Kristin Murphy, Deseret News
Raja Bell (#19), Enes Kanter (#0), Alec Burks (#10) and Derrick Favors (#15) reach for the rebound during the Jazz open exhibition game at the Energy Solutions Arena in Salt Lake City Saturday, Dec. 17, 2011.

Utah Jazz at Los Angeles Lakers

Tuesday December 27th, 8:30 p.m.

TV: TNT; Radio: 1320-AM


The Jazz open the season tonight, having addressed some pressing issues. In the last 18 months, they've added players who can fill more than one position, such as Josh Howard, Al Jefferson and Gordon Hayward. They've become bigger by picking up Derrick Favors and Enes Kanter. And they got deeper by bringing on Earl Watson and Alec Burks.

What the Jazz haven't resolved is who should be their alpha dog. Right now, there is no team leader. They govern by committee. If a player has something to say, he just says it. There's nobody really there to set him straight.

Like jury duty and Republican hopefuls, everyone is a potential candidate.

Unfortunately, as the saying goes, everybody's assignment is nobody's assignment.

Since the Jazz traded Deron Williams last winter, they have been rudderless — at least on the court. Neither Mehmet Okur nor Andrei Kirilekno had the temperament for the job, which is maybe a blessing, since they're both now gone. Raja Bell is the closest thing to a leader the Jazz have. He's charismatic, strong, fiery, articulate and experienced. Trouble is, he might not be playing much. Last season was an off year for Bell, and it's unclear how much starting time he'll get this year, or how well he'll play.

Bench players can be a fine locker room influence, but a true team leader is usually a top player as well. John Stockton, Karl Malone and Williams were leaders, Earl Watson is not.

When you consider Jazz leaders, the names — and drawbacks — are obvious.

Jefferson has charisma, and he obviously gets enough court time. But he can be moody and inconsistent in his delivery. When Devin Harris arrived in the Williams trade, some assumed that as the point guard, he would take the reins. But so far that hasn't happened. Last year, he appeared competent but unassertive, even a bit aloof. Word is he intends to step up his leadership this year. But it isn't like switching on a light.

Favors is too inexperienced and soft spoken. Josh Howard is too new and his future with the Jazz unclear. C.J. Miles is too laid back, Watson too temporary, Gordon Hayward too agreeable, Enes Kanter too, well, Turkish.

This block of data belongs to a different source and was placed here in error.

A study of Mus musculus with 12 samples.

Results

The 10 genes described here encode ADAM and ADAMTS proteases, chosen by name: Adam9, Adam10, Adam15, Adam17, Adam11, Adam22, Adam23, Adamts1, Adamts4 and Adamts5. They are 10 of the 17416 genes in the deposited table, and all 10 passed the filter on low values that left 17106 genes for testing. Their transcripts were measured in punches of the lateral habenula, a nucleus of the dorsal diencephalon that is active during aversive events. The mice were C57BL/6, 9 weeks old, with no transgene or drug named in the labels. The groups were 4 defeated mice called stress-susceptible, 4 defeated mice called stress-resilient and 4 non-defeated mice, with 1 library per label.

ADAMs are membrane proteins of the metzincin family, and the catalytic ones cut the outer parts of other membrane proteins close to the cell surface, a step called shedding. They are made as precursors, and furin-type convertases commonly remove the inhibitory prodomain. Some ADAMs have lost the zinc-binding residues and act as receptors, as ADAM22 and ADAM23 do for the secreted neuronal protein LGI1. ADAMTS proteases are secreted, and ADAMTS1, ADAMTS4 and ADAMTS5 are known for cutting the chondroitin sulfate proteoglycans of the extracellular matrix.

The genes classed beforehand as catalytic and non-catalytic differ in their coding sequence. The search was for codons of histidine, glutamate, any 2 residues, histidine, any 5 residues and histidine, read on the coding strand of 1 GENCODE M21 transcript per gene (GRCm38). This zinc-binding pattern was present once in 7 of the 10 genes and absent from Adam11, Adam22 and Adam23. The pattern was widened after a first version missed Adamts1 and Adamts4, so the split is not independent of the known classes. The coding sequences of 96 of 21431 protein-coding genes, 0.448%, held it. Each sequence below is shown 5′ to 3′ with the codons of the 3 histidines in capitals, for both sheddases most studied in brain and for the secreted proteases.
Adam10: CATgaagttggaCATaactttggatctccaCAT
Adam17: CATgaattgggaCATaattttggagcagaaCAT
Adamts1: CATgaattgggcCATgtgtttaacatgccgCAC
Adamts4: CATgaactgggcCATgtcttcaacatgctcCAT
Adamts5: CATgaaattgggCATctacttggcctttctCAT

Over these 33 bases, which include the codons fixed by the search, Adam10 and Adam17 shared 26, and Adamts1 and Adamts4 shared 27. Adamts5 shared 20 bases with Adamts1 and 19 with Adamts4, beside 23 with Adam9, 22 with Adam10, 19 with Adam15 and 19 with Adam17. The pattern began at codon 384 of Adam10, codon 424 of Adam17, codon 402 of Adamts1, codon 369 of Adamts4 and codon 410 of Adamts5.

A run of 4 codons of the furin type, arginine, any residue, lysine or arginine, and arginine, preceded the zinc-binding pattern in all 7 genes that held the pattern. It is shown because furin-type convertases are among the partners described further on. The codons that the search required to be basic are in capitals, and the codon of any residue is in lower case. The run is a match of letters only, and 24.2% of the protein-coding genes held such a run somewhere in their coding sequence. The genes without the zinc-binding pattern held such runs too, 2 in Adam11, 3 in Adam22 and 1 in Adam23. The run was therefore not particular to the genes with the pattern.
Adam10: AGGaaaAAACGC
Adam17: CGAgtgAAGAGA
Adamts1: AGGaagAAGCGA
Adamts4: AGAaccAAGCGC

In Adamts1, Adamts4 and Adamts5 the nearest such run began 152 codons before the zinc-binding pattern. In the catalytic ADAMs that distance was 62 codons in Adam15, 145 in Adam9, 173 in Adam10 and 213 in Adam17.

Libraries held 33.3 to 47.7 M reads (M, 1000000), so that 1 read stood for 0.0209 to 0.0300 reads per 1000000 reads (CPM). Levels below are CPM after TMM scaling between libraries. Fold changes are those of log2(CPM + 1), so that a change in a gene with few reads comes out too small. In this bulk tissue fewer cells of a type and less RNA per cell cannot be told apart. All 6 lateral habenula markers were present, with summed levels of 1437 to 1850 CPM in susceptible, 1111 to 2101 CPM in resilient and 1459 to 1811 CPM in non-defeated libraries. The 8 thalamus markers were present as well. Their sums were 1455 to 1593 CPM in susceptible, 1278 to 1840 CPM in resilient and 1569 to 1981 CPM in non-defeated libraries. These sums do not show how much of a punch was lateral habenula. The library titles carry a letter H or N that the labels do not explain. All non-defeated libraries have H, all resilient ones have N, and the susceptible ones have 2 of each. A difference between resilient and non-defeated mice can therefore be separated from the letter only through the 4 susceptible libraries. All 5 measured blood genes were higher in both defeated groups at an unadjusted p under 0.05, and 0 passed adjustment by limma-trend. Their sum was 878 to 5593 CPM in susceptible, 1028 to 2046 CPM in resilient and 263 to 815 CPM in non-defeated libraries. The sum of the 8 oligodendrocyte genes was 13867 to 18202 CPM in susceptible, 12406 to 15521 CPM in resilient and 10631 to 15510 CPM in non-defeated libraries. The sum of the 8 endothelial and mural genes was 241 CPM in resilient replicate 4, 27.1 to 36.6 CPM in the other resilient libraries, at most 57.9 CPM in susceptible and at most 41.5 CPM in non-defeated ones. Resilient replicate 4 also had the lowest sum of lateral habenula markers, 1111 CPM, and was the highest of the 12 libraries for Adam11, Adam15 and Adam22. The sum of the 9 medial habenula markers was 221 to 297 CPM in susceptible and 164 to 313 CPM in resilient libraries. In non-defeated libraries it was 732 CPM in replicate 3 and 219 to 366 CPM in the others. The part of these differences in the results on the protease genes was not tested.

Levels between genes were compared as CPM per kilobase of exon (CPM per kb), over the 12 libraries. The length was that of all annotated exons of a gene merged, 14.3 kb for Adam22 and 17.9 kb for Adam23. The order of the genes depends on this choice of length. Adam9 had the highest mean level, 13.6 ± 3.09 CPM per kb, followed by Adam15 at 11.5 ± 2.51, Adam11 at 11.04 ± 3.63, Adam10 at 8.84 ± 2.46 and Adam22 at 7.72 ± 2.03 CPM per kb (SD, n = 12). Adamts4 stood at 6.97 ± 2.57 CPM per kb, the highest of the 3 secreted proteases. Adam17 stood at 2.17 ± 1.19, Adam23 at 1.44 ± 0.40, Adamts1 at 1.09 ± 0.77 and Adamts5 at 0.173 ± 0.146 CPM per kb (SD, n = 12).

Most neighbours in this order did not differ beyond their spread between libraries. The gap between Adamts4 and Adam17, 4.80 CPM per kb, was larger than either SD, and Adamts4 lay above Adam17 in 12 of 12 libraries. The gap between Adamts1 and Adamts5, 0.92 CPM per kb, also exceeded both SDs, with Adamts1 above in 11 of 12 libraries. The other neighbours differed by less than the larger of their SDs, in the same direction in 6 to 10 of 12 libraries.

Another possibility is Paul Millsap, the reliable, hard-working forward. He is certainly a good example. But he also is too quiet for the job and besides, he might end up coming off the bench. With all the mentions of him being traded, you wonder if it's a role he would even want.

Some say a clear-cut team leader isn't necessary. Hmmm. Dallas has one. The Lakers have one. Chicago has one. Miami and Boston have several.

Asked if teams need an acknowledged leader, Jazz coach Ty Corbin replied, "I think it helps. I don't think you necessarily need it. I'd like for all the guys to make sure they lead themselves in the right direction."

It isn't even clear yet whether the players consider Corbin a strong leader. He has only had the reins for a few months. Anyone would seem meek following Jerry Sloan.

Can a team really govern by committee, or does it need a Stockton and/or Malone?

Said Corbin: "Well, Stockton and Malone aren't coming back. I hope they would, but ... I think this group of guys will learn to do it individually and then collectively as a group, and then hopefully somebody will emerge as the one or two guys that can lead everybody, or encourage everybody.

"We have the guys that can do it. But for whatever reason, they're a little apprehensive to step up and do it. Hopefully, they'll get a little more comfortable as they go."

Thus, the Jazz must add "find a team leader" to their list of things to do ASAP. Leadership by committee? Save it for the PTA.

"We just need to form a chemistry with each other," Favors said.

And find an on-court presence to do the mixing.

If last year's meltdown showed anything, it's that when things start unraveling, someone needs the authority to call a meeting.